Researchers have found that a person’s memory can be improved by stimulating areas deep inside the brain with electrical current, a finding that offers hope for nonpharmaceutical, noninvasive treatments that could boost memory impaired by Alzheimer’s disease, stroke, traumatic brain injury or aging.

Researchers at Northwestern University’s Feinberg School of Medicine say the study is one of the first to show long-term improvement in memory by driving an electrical current deep into the brain through powerful magnetic impulses known as Transcranial Magnetic Stimulation, or TMS.

The researchers found that healthy adults, ages 21 to 40, performed better on memory after receiving electromagnetic stimulation to their brains.

The researchers said the electrical current created by the magnetic field boosted the performance of a complex network involving several regions of the brain that are critical to forming memories, apparently by coordinating their activities with the hippocampus, an organ in the brain that is critical to memory formation and retrieval.

The team likened the effect to replacing a normal musical conductor with an extremely talented one who can smoothly coordinate different sections of an orchestra.

“The brain regions played together better after the simulation,” Joel Voss, an assistant professor of neuroscience at Northwestern University’s medical school and senior author of the study, said in a written statement.

The study -- which was funded by the National Institute of Mental Health and the National Institutes of Health’s National Institute of Neurological Disorders and Stroke -- is to be published Thursday in the journal Science.

In the study, the team focused on 16 people whose brains were first mapped using an MRI scanner to identify the individual networks and pathways involved in memory, which can differ slightly in different people. The subjects then took a memory test involving arbitrary associations between faces and words that they were asked to remember. After establishing a baseline performance, the subjects then received 20 minutes of brain stimulation per day over five consecutive days. Twenty-four hours after their last session of brain stimulation, the subjects were subjected to the memory tests again, and then again a week later with a fake, placebo brain stimulation. (The order of the real brain stimulation and the placebo was reversed for half the participants, who were not told which was which.)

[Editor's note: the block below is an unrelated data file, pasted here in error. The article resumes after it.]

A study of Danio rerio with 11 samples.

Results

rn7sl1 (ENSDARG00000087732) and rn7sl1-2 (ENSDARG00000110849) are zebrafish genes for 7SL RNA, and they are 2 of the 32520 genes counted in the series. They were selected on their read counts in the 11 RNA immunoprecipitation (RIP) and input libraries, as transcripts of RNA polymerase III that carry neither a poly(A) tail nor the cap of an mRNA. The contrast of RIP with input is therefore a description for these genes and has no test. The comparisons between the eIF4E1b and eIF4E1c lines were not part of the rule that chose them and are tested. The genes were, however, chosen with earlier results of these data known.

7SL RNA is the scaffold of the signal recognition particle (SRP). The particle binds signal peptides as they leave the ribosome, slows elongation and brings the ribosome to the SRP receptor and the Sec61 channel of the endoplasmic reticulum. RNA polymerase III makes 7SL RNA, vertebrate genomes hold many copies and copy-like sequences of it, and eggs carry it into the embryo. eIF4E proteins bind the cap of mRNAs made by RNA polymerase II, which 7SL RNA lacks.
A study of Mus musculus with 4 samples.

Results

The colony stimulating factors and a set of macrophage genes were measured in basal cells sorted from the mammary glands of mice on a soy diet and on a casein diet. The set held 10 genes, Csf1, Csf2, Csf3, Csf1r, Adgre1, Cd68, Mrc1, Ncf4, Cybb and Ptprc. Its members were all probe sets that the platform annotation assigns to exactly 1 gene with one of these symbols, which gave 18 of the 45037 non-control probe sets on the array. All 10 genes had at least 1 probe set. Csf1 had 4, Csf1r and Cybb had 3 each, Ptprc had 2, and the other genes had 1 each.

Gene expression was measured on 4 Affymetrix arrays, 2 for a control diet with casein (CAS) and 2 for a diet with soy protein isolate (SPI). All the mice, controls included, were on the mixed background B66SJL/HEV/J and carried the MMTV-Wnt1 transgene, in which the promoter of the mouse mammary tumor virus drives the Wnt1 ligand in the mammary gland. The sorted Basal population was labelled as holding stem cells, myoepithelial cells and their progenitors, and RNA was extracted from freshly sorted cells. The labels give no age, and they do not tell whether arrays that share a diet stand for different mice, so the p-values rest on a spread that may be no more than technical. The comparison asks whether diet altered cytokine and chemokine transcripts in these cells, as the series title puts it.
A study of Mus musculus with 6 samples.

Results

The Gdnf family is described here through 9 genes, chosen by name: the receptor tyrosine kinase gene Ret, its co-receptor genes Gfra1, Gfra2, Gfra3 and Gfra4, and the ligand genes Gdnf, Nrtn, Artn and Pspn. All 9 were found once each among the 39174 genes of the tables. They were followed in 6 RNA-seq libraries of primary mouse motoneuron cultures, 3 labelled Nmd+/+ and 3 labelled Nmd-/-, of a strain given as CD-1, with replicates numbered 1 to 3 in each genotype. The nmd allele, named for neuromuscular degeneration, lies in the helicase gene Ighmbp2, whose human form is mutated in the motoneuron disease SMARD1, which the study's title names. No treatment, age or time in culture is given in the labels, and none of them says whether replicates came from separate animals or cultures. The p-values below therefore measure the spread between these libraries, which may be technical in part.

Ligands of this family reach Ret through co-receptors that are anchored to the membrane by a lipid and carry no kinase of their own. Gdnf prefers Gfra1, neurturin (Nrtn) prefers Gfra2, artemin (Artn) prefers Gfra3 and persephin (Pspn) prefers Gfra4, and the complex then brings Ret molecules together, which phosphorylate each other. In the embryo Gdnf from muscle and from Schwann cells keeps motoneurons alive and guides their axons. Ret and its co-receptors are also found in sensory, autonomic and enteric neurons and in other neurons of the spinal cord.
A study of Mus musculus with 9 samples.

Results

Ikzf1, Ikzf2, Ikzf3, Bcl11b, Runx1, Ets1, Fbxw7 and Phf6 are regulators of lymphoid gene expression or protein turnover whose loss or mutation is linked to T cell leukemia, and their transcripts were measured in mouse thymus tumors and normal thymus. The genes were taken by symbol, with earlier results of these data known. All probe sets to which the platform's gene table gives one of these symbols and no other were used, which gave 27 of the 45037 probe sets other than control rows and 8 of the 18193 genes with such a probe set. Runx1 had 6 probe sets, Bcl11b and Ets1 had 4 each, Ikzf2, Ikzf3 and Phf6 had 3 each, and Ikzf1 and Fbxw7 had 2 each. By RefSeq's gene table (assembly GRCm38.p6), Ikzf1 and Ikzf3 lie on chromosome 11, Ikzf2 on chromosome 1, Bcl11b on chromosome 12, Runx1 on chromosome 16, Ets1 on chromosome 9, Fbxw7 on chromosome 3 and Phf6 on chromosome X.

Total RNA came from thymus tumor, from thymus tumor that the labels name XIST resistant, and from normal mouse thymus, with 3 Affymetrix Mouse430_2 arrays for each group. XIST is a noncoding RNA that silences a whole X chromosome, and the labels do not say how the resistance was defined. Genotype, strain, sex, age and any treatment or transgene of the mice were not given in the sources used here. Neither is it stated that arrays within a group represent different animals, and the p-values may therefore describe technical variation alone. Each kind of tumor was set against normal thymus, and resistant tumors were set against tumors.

The results showed that the subjects’ performance on the memory tests improved after receiving the electro-magnetic brain stimulation, Voss said. At least three days of stimulation were required to see an effect.

In an interview, Voss said the study built on previous work that demonstrated that electrical current applied to superficial areas of the brain improved memory for short periods of time. But Voss’ team attempted to stimulate the hippocampus deep inside the brain by beaming powerful magnetic impulses at an area about a centimeter from the skull that had a high degree of connectivity to the hippocampus.

“We can only stimulate the superficial part. And so we find, for each individual, part of their memory network that’s close to the surface that we actually can stimulate. So we stimulate it and we change, remarkably, the function of the whole network,” Voss said.

Voss said the researchers’ work had nothing to do with the unproven belief held by some practitioners of alternative medicines that wearing ordinary magnets can confer various health benefits.

“The magnetic field we’re inducing is about 10,000 times as powerful as the magnetic field of the earth,” Voss said. “So it’s just like an MRI scanner ... a very powerful magnet that is flashed on and off rapidly to induce a current in a wire, and those wires happen to be the brain’s neurons. ”

Voss said researchers suspect that the current improves connectivity between regions of the brain, probably by providing additional energy that makes it easier for the neurotransmitter sto convey signals to each other. The idea is that networks in the brain reshape and adapt themselves in response to stimulation – a concept known as neuroplasticity – whose mechanism has been studied in animals but is less clear in human beings.

“At a cellular level, we do not know the mechanisms of this, and it’s going to take a lot of studies to figure it out,” Voss said. He said an upcoming trial will focus on whether electrical stimulation has an effect on people in the early stages of memory loss.